Cybersecurity is a top-level priority for businesses operating in every sector today. Hackers and other cybercriminals have, in recent years, become far more skilled, numerous and persistent. They recognize the tremendous amount of value that sensitive consumer data holds, and they are eager to get ahold of these resources by any means necessary.

This trend is particularly damaging for organizations in the health care sector. Specifically, medical records and other protected health information are 10 times more valuable to cybercriminals than credit cards and other financial data, according to Raytheon|Websense, because it can be used effectively for identity theft and fraud on a long-term basis. Additionally, there are many unique factors which further complicate cybersecurity efforts in this sector, as CIO contributor Maria Korolov highlighted.

Mobile Matters
One of the biggest issues that health care providers have to grapple with when it comes to IT security is the prevalence of mobile devices. While the use of smartphones, laptops, and tablets is obviously not unique to hospitals and other care providers, employees in this area tend to be particularly frequent users of these technologies. Doctors and nurses will frequently turn to mobile devices in order to access patient data while on the move between examining rooms, offices and their homes.

“More than two-thirds of all health care data breaches since 2010 were the result of lost or stolen mobile devices.”

The problem is not that such activity is so commonplace in the health care sector. Rather, the issue is that mobile devices are not being utilized in a safe, secure fashion, as Korolov pointed out. Specifically, organizations and personnel frequently fail to implement encryption and authentication measures which would limit the liability posed by mobile device use. The writer noted that a Bitglass report found that more than two-thirds of all health care-related data breaches to occur since 2010 were the result of lost or stolen mobile devices.

“We’ve been hearing of far too many stories of laptops being stolen from clinician’s cars or offices,” said Ananth Balasubramanian, head of vertical solutions at CommVault Systems, Korolov reported.

Such incidents would not prove problematic if the devices themselves were secured or could be wiped remotely in the event of loss. But many health care providers lack the resources and expertise needed to ensure that all mobile devices receive this level of protection.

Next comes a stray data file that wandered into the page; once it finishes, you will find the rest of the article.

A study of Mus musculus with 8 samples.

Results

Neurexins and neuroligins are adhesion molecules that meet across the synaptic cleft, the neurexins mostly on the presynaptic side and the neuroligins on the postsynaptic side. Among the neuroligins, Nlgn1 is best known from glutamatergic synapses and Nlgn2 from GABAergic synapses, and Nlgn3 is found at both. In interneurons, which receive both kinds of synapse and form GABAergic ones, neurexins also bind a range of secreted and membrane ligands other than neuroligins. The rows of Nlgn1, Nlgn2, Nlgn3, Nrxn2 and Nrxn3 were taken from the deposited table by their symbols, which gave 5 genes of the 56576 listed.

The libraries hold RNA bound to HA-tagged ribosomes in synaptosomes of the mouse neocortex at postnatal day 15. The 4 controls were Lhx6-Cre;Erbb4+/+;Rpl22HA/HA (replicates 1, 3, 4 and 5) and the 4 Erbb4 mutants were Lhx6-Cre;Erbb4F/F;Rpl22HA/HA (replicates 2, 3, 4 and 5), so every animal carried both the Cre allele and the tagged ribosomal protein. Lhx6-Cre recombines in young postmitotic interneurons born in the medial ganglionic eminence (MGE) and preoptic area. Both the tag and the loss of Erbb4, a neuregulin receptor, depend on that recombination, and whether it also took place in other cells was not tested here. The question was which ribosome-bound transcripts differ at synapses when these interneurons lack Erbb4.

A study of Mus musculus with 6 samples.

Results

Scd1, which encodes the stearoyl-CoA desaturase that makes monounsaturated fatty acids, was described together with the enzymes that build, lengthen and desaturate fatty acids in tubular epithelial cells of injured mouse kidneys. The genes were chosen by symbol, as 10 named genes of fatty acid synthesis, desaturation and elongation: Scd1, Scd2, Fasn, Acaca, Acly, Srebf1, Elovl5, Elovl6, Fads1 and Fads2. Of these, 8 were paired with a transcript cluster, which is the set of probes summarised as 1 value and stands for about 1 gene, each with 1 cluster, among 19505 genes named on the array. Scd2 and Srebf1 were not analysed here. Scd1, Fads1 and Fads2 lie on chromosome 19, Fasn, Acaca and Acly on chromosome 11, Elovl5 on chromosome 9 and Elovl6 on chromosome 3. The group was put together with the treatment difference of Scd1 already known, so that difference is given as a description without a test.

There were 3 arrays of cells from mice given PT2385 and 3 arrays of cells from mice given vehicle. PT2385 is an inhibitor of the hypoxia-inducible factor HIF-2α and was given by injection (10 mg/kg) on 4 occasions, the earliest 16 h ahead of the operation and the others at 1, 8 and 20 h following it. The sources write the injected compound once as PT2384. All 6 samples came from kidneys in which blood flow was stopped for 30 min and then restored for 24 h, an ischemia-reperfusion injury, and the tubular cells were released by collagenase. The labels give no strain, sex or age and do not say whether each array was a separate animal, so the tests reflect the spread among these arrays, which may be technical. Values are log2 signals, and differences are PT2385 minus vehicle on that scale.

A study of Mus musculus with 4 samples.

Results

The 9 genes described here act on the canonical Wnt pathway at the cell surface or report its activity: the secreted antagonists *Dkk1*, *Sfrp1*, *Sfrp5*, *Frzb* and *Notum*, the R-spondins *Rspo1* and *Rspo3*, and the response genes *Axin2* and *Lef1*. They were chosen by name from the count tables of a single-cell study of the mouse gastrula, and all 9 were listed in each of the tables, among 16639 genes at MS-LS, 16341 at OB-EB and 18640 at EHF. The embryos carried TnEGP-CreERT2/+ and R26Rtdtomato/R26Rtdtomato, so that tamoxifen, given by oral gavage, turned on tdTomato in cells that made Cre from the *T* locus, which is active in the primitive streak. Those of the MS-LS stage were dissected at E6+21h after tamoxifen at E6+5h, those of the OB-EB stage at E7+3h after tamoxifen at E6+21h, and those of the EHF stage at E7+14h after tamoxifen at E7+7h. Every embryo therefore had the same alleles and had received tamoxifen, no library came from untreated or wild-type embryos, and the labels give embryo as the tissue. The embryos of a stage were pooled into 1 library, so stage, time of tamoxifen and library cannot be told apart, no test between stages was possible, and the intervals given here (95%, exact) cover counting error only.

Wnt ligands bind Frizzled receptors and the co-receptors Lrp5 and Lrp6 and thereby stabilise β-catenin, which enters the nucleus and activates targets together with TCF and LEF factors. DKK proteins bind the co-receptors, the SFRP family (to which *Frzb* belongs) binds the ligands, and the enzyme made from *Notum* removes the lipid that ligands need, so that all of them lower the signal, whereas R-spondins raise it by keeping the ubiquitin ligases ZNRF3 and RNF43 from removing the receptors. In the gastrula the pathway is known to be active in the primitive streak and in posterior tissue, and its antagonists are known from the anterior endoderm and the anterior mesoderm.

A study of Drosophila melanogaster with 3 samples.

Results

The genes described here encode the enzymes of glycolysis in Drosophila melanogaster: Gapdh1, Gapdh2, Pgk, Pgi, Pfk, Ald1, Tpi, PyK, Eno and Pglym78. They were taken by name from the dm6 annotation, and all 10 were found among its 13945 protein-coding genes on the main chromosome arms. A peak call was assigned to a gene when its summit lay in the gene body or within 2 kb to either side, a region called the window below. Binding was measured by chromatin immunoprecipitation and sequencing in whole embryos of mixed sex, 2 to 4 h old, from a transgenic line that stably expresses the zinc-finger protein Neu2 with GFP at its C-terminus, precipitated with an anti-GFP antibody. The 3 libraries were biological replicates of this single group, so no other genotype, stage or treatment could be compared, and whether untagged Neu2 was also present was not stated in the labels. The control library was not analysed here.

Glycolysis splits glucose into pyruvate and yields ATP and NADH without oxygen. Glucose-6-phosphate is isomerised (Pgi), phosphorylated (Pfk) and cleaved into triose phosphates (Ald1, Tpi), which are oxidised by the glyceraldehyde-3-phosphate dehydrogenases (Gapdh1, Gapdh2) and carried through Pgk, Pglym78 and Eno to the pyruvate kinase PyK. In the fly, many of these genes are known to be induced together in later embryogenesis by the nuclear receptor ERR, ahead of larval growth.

Medical Equipment Vulnerabilities
Another serious, unique IT security issue Korolov highlighted is the inherent vulnerability of certain medical equipment. Carl Wright, a general manager with TrapX, told the writer that medical devices tend to feature closed systems, and this makes them difficult to scan for malware. This means that malware could enter a hospital’s network via a phishing email, then remain hidden when the care provider conducts an organization-wide search for damaging programs. Wright explained that in one such case, a cyberattacker used this method to identify and steal sensitive data from the hospital’s network.

Medical equipment poses a cybersecurity threat.
Medical equipment poses a cybersecurity threat.

The only way to effectively combat such threats is through careful strategies and rigorous best practices. Again, though, many health care providers have come up short in this area.

Personnel Considerations
Finally, it is important to acknowledge the personnel issues which many health care providers grapple with. Korolov pointed out that for hospitals and other organizations in this sector to function effectively, a wide range of employees need access to Personally Identifiable Information (PII) and Protected Health Information (PHI). Yet it is exceedingly difficult to ensure that this data remains both available and protected from unauthorized use.

Considering the number of health care data breaches that have occurred in recent years, it’s clear that hospitals need new strategies to grapple with these challenges. To this end, partnering with a Health IT services provider than can offer staff augmentation as well as strategic consulting is a good idea.